Obama Calls On Syria’s Assad To Step Down

The United States has been inspired by the Syrian peoples’ pursuit of a peaceful transition to democracy. They have braved ferocious brutality at the hands of their government. They have spoken with their peaceful marches, their silent shaming of the Syrian regime, and their courageous persistence in the face of brutality – day after day, week after week. The Syrian government has responded with a sustained onslaught. I strongly condemn this brutality, including the disgraceful attacks on Syrian civilians in cities like Hama and Deir al Zour, and the arrests of opposition figures who have been denied justice and subjected to torture at the hands of the regime. These violations of the universal rights of the Syrian people have revealed to Syria, the region, and the world the Assad government’s flagrant disrespect for the dignity of the Syrian people.

 

The United States opposes the use of violence against peaceful protesters in Syria, and we support the universal rights of the Syrian people. We have imposed sanctions on President Assad and his government.  The European Union has imposed sanctions as well.  We helped lead an effort at the UN Security Council to condemn Syria’s actions. We have coordinated closely with allies and partners from the region and around the world. The Assad government has now been condemned by countries in all parts of the globe, and can look only to Iran for support for its brutal and unjust crackdown.

 

The future of Syria must be determined by its people, but President Bashar al-Assad is standing in their way. His calls for dialogue and reform have rung hollow while he is imprisoning, torturing, and slaughtering his own people.  We have consistently said that President Assad must lead a democratic transition or get out of the way.  He has not led.  For the sake of the Syrian people, the time has come for President Assad to step aside.

 

The United States cannot and will not impose this transition upon Syria. It is up to the Syrian people to choose their own leaders, and we have heard their strong desire that there not be foreign intervention in their movement. What the United States will support is an effort to bring about a Syria that is democratic, just, and inclusive for all Syrians. We will support this outcome by pressuring President Assad to get out of the way of this transition, and standing up for the universal rights of the Syrian people along with others in the international community.

 

As a part of that effort, my Administration is announcing unprecedented sanctions to deepen the financial isolation of the Assad regime and further disrupt its ability to finance a campaign of violence against the Syrian people.  I have signed a new Executive Order requiring the immediate freeze of all assets of the Government of Syria subject to U.S. jurisdiction and prohibiting U.S. persons from engaging in any transaction involving the Government of Syria.  This E.O. also bans U.S. imports of Syrian-origin petroleum or petroleum products; prohibits U.S. persons from having any dealings in or related to Syria’s petroleum or petroleum products; and prohibits U.S. persons from operating or investing in Syria. We expect today’s actions to be amplified by others.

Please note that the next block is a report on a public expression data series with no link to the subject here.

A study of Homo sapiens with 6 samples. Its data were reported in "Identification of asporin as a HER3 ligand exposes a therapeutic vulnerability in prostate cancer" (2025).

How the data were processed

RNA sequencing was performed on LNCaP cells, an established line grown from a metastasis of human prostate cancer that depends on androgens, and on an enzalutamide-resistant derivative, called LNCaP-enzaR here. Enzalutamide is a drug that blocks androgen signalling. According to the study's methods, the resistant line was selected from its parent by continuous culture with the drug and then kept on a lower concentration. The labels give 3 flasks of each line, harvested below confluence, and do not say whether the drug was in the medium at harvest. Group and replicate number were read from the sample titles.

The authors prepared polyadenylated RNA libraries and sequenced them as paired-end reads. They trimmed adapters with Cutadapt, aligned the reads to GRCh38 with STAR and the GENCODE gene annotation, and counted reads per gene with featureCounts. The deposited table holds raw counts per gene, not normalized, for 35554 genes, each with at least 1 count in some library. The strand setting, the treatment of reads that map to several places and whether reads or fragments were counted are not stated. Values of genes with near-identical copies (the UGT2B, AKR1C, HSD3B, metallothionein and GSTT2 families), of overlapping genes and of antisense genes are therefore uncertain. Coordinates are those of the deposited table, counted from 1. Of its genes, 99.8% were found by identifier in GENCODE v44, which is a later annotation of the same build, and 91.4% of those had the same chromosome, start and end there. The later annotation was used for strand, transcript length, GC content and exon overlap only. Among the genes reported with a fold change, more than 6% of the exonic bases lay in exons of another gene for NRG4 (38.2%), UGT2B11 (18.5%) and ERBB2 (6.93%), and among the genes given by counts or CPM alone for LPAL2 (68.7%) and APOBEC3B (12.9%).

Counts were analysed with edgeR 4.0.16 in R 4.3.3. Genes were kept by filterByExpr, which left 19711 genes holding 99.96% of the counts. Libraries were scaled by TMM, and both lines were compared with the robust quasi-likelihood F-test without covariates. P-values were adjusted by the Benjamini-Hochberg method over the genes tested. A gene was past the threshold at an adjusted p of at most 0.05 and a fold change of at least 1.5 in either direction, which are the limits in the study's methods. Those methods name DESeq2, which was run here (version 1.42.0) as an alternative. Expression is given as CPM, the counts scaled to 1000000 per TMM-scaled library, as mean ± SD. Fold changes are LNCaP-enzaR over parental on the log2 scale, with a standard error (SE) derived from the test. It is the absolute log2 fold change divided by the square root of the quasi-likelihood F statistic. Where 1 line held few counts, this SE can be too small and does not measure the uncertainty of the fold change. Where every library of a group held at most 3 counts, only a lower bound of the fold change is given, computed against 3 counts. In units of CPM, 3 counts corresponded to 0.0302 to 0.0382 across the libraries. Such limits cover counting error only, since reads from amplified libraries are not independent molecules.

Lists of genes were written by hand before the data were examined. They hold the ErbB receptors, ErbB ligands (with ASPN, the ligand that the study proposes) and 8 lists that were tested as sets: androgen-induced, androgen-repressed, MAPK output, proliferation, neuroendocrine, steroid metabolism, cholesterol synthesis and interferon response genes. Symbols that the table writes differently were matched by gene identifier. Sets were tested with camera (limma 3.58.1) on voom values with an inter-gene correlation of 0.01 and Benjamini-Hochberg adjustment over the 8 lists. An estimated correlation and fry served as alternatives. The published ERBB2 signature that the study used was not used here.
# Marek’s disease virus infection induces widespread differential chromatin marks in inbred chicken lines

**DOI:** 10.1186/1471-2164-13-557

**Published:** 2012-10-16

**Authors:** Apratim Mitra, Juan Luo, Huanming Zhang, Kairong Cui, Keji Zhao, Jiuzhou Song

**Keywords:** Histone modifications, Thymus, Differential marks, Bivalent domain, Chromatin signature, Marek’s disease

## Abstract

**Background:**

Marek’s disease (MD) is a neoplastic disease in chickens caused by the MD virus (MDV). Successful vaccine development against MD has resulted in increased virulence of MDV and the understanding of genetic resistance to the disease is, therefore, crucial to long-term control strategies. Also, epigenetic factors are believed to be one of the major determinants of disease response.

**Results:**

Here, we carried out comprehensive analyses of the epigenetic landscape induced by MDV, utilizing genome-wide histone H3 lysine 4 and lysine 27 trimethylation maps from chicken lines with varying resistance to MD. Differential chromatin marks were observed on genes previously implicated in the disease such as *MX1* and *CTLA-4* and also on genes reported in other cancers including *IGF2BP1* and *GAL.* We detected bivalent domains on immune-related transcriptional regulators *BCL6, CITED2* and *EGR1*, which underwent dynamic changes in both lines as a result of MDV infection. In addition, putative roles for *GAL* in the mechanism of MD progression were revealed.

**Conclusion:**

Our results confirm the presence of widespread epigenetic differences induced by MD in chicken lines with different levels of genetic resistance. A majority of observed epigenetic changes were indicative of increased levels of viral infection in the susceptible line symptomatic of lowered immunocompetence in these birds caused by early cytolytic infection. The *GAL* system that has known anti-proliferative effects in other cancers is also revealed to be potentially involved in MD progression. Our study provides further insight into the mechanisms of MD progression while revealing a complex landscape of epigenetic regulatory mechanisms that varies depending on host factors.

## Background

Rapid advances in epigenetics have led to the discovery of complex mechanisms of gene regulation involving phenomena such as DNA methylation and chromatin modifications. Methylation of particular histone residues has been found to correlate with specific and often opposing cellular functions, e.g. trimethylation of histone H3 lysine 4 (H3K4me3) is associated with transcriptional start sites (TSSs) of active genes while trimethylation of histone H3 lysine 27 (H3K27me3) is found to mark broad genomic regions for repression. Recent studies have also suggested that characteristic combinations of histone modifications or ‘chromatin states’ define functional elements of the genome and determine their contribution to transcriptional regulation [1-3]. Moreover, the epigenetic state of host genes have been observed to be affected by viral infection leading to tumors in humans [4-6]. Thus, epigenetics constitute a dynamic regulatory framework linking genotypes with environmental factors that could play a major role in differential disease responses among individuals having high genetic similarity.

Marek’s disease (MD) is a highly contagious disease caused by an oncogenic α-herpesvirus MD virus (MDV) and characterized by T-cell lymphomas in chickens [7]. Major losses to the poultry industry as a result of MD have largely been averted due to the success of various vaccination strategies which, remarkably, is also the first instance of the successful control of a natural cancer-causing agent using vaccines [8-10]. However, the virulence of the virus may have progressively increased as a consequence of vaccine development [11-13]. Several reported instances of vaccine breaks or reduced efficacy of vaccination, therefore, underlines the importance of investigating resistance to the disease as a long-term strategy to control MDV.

We recognize that it will take time for the Syrian people to achieve the justice they deserve. There will be more struggle and sacrifice. It is clear that President Assad believes that he can silence the voices of his people by resorting to the repressive tactics of the past. But he is wrong. As we have learned these last several months, sometimes the way things have been is not the way that they will be. It is time for the Syrian people to determine their own destiny, and we will continue to stand firmly on their side.

Comments

  1. Rick says

    Assad won’t resign; he would fight to the death like Gadhafi if it comes to that.

    By the way, Syria is a great place to get laid–I got lucky several times with really young guys in a visit of just 3 weeks duration in ’08.

    Same thing happened to me in Egypt in ’91.

    Arab guys are among the horniest in the world and, contrary to what you would believe from Western media reports, sex among men is quite widespread throughout the Arab world.

  2. Derek Pearce says

    Assad is disgusting. I don’t know what it will take for an uprising there to be successful, the regime is ruthless. I guess power is more addictive than money otherwise Assad, Gadhafi et all could easily just take a few billion and go into exile.

  3. Derrick from Philly says

    SAY WHAT, I hope it’s true, but we don’t need to know this until October 2012.

    RICK,

    I’m sure the Egyptians and the Syrians were super masculine (that’s how you like ’em, aint it?) But I’m glad they were gentle with you. Wouldn’t want to go a Syrian hospital with a busted booty.

  4. BobN says

    “Waffling”? Care to present some pro-Assad or pro-violence-against-civilians statements from Obama to explain that term?

  5. anon says

    Officially, Assad was a “partner in the war against terrorism” as a holdover from the Bush era, so this is a big change in policy, but in practice it won’t mean much. One reason we can say this now is that Saudi Arabia came out against Assad last week. Apparently we agreed at some point to cooperate with them on this issue.

  6. shadow says

    Syria is not a nation, just several nations that wanted independence. When the French wanted to create these states (Alawis, Druze, Christians, etc.) the British said “eh, just stick them into the same one.” If it stays together without a strong man, it will probably turn into another Sunni theocracy (like Saudi Arabia, Bahrain, Pakistan).